Worth the Drive: Mossy Grove School House Restaurant

Alabama Living Magazine

Learn all about the tasty eats at Mossy Grove School House

By Jennifer Kornegay

Spanish moss drips from the trees at (appropriately named) Mossy Grove School House Restaurant.
Spanish moss drips from the trees at (appropriately named) Mossy Grove School House Restaurant.

School is back in session, and no matter your age or current education level, I’d like to suggest that you get on back to school, too, with a visit to Mossy Grove School House Restaurant in Troy, celebrating its 30th anniversary this December. You won’t need to bring books or pencils with you, just your appetite.

Founded in 1856, Mossy Grove School was the first thing to occupy the original one-room structure that sits beneath two mammoth trees, their branches dripping with silver-gray curls of Spanish moss. The large dining room, now hosting hungry tummies instead of hungry minds, was built onto the side in 1917. Only three years later, in 1920, area schools consolidated and Mossy Grove School closed. Over the next few years, the building was used as a community center for special events like town meetings and church functions. In the ‘30s, the land and building reverted back to the original estate (the family who’d deeded the land over to the school), and a Mr. William Bradley lived in the school house until World War II. For three decades afterwards, it was rented out as a house. In its long lifetime, the space has been a hay barn and a funeral home, too.

For the last 29 years though, it has been a restaurant, welcoming folks from all over the Southeast with the charm of its country-living atmosphere and the deliciousness of its simple, down-home food. Much of the schoolhouse look is still intact, including the stage from which Mossy Grove’s teachers once instructed their students.

Current owner Katie Romero has run Mossy Grove for six years; she bought it from her aunt, who owned it for 15 years, and according to her, most of the regulars at Mossy Grove have been coming in to eat for years.

They come and come back for the fluffy, crispy hushpuppies waiting for them warm on the table. A bowl of white beans to be shared family style is there too, as is a chunky, spicy-sweet pepper relish. The relish’s rich burgundy hue splashed atop a plate of milky pale beans looks as good as it tastes. It tastes so good, in fact, that Romero has started making extra and selling it in pints at the register.

Sweet potato fries and smoked pork chop compliment each other.
Sweet potato fries and smoked pork chop compliment each other.

Mossy Grove is best known for its Southern farm-raised catfish, which you can get fried (whole or in filets) or lemon-broiled. Romero loves the well-seasoned but delicate flavor of the lemon-broiled fish but also favors the charbroiled chicken fingers and the steaks. “We cut the steaks fresh in house every day,” she says. And the accompanying steak sauce is wildly popular. The thin, tangy, black-as-night condiment is homemade from a secret recipe that Romero refused to discuss, even if only to rule out guesses on ingredients. “Worcestershire sauce?” “Balsamic vinegar?” Peppered with these questions, the friendly proprietor’s face goes as blank as a schoolhouse slate.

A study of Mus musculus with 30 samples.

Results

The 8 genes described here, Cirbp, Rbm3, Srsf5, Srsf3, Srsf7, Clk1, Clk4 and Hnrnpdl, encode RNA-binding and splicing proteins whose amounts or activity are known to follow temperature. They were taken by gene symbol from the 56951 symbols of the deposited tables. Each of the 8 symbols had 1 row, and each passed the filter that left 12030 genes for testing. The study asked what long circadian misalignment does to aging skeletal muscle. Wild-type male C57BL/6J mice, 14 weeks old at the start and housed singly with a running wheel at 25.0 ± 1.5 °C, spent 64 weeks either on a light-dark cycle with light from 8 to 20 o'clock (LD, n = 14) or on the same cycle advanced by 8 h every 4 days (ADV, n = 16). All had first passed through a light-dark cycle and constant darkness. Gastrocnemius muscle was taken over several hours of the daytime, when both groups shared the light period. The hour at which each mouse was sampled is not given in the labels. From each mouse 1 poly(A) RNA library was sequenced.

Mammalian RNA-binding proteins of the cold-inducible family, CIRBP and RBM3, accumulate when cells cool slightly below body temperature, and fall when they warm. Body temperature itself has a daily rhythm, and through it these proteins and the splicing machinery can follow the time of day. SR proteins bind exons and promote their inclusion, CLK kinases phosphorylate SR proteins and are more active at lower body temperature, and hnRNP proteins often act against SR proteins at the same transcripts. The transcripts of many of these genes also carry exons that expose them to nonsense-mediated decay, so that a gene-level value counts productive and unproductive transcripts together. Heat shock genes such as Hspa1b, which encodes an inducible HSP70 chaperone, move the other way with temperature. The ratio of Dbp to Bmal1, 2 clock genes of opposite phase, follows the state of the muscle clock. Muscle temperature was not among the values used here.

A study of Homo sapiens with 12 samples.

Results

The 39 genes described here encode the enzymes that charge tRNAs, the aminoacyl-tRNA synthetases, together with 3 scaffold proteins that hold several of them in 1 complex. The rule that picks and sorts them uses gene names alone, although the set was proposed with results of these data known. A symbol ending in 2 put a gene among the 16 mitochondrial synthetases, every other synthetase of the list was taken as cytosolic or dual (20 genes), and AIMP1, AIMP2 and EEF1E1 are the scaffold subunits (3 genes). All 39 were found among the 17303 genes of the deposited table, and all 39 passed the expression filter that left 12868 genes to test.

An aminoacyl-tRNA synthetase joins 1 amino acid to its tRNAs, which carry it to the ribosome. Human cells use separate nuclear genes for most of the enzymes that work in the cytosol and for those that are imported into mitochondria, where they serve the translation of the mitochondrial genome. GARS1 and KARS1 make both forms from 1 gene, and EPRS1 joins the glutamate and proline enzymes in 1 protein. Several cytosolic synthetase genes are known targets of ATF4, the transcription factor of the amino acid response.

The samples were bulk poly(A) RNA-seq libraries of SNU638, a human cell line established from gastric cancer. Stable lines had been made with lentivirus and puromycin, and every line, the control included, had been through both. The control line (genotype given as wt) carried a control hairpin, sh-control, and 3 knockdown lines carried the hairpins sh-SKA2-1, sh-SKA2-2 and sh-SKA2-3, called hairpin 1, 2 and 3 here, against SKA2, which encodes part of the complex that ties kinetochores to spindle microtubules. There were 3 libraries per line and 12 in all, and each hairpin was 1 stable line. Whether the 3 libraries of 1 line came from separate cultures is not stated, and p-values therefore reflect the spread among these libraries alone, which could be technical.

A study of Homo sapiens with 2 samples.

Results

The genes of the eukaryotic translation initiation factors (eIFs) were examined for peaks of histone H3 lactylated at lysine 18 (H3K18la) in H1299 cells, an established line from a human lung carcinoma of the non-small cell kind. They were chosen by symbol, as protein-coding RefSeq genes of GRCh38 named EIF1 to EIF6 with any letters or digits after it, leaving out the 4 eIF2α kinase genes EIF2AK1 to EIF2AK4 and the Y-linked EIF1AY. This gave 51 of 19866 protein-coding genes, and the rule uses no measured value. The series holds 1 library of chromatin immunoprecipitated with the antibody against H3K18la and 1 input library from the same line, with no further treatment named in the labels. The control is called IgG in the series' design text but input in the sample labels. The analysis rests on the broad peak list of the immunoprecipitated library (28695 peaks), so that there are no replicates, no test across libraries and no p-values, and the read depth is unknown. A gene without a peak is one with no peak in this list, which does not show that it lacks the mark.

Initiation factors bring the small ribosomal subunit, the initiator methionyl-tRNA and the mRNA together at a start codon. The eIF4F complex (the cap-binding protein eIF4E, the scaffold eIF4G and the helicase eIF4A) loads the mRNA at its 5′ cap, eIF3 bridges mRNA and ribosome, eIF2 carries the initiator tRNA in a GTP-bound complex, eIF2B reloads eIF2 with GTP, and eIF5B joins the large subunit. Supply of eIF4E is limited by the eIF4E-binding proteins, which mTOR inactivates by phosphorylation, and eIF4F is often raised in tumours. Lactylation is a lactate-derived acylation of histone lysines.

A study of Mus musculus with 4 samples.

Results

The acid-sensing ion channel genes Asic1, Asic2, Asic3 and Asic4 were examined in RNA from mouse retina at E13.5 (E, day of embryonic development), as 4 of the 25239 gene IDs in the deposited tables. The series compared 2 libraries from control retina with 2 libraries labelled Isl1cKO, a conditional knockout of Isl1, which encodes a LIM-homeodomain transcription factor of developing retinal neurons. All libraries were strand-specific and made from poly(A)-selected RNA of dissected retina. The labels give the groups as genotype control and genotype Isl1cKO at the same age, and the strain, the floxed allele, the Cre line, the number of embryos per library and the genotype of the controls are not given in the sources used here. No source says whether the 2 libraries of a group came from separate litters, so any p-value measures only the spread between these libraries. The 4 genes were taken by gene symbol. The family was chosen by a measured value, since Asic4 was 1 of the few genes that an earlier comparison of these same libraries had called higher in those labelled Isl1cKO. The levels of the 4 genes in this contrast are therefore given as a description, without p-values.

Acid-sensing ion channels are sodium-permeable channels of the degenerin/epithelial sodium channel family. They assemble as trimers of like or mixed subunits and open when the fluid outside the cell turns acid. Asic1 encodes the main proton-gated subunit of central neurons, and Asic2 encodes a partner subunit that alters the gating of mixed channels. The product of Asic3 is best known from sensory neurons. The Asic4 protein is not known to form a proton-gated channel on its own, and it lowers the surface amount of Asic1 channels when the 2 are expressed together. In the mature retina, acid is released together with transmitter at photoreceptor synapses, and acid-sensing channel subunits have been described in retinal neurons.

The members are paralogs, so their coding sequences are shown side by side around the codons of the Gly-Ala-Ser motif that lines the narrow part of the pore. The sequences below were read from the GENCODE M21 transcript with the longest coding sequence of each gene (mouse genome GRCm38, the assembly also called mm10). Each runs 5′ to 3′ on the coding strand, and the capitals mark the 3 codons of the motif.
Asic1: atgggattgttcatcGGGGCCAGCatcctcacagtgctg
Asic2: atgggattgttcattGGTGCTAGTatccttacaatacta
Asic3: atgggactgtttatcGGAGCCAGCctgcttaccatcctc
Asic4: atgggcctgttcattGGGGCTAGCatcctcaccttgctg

I went with the smoked pork chop and sweet potato fries. Thick and juicy, the chop boasts deep smoke flavor. A little cup of brown sugar cinnamon butter intended for fry dipping goes equally well with the pork, its sweetness cutting the chop’s saltiness.

The restaurant is also famous for a confectionary creation called Mossy Grove Dessert. It’s a frosty combination of whipped cream, graham cracker crust and either chocolate, caramel or butterscotch (or all three) that I didn’t have the pleasure of tasting, since by 6:30 p.m. (dinner starts at 5), there wasn’t a bite left on the premises. Romero said that’s not unusual; on the days they make it, it always sells out early, and some people are so disappointed, they can’t even enjoy their dinner. “I have had people come in to eat and ask if we have any Mossy Grove Dessert left,” Romero says. “If I say ‘no,’ they leave!”

One obvious reason Mossy Grove has repeat business is the food, but another draw may be Sylvia Hughes, a waitress at Mossy Grove who’s been there since the beginning. With a quick smile and quicker moves dashing around delivering dishes to waiting customers, she’s obviously a favorite fixture at the establishment, swapping jokes with diners and even quieting fussy babies. “She’s not a waitress,” Romero says. “She’s the waitress.” And “the waitress” could certainly teach some of the staff in other Alabama restaurants the true definition of service.

If you’re not above learning new lessons either, grab a seat by the big blackboard at Mossy Grove, and let them teach you a thing or two about an enjoyable evening eating out.



Get Schooled

Mossy Grove School House Restaurant

1841 Elba Highway, Troy


Open Tuesday – Saturday, 5 p.m. – 9 p.m.